Note: This article is a sidebar to this issue's feature story, "The New Water Czars."
Unlike the Pima Indians of the Gila River Indian Community, the Yavapai were not traditionally farmers. Instead, they migrated up and down the Verde River, hunting, fishing and gathering. But in 1903, the government settled them on Fort McDowell, a former U.S. Army installation used to subdue hostile bands of Apaches and tame the Arizona territory. Irrigated farms had sprung up along the river to supply the fort — which eventually led to the settlement of a quiet outpost named "Phoenix" — and for a few decades after the Yavapai took over the Army’s farms, they grew a modest couple hundred acres of wheat and alfalfa.
Today, however, Phoenix is no longer a quiet backwater, and the Fort McDowell Reservation stands as an example of tribes’ rising power over — and innovative use of — the West’s precious water.
When Congress approved the Central Arizona Project (CAP) in 1968, the plan called for the construction of Orme Dam at the confluence of the Salt and Verde rivers. "I propose," said Interior Secretary Stewart Udall, "to make the small but fine little reservoir we are creating here into an Indian recreation development."
What Udall didn’t say was that the dam would have flooded more than half the reservation, including most of the tribal farm. The Yavapais fought the project for 10 years, and — unlike the Gila River tribes, who saw upstream dams nearly destroy their livelihood — they were successful. Today, one of the biggest celebrations for the Fort McDowell Yavapai Nation is the Orme Dam Victory Days in early November.
About a decade later, the Yavapais gained another reason to celebrate. In 1990, the tribe forged a water settlement with the U.S. government that provided the Yavapai Nation with 36,000 acre-feet annually; about half of it from the Central Arizona Project, and half from the Verde River, which bisects the reservation.
That’s a lot of water for a small tribe of fewer than 1,000, and the Yavapais have used it judiciously. As part of the settlement, the Yavapais got a $13 million low-interest loan from the Bureau of Reclamation (the same agency that had tried to flood the reservation 10 years previously) to expand its farm from 700 to 2,000 acres. Six years ago, the tribe planted 50,000 pecan trees and more than 30,000 citrus trees. Pecans are one of agriculture’s most profitable crops; revenue per acre can be as high as $3,500 per year.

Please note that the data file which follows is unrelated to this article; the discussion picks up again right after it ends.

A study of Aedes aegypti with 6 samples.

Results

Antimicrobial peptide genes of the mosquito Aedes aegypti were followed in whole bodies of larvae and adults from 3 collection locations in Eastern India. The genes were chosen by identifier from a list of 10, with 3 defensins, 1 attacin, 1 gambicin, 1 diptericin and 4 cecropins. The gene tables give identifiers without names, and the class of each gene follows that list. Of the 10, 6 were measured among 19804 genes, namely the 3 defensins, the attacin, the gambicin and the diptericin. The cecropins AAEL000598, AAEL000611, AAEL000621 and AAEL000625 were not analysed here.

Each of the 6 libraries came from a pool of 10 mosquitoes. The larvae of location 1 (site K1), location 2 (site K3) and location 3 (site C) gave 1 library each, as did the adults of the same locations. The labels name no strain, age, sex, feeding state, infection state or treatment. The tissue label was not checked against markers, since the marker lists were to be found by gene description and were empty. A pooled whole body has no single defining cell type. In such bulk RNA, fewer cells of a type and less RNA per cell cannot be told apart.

"The trees will produce for 100 years if they’re cared for properly," says farm manager Harold Payne. "They’ll provide revenue for two generations."
The tribe’s farm is highly efficient. Two computerized pumping stations pull water from the Verde, inject it with fertilizer, and pipe it underground through the citrus and pecan orchards. Two micro-sprinklers spray a 16-foot diameter circle around the base of each tree. Half of the irrigation occurs at night to reduce evaporation.
The farm uses about a quarter of the Yavapais’ water rights. The tribe also leases 4,300 acre-feet to Phoenix, and plans to lease more of its CAP allocation to other communities in the future. The Yavapais have also insisted that the Salt River Project, which manages the Verde River, keep enough water in the river to sustain wildlife habitat, especially for the bald eagles that nest in majestic cottonwoods along the river during the winter.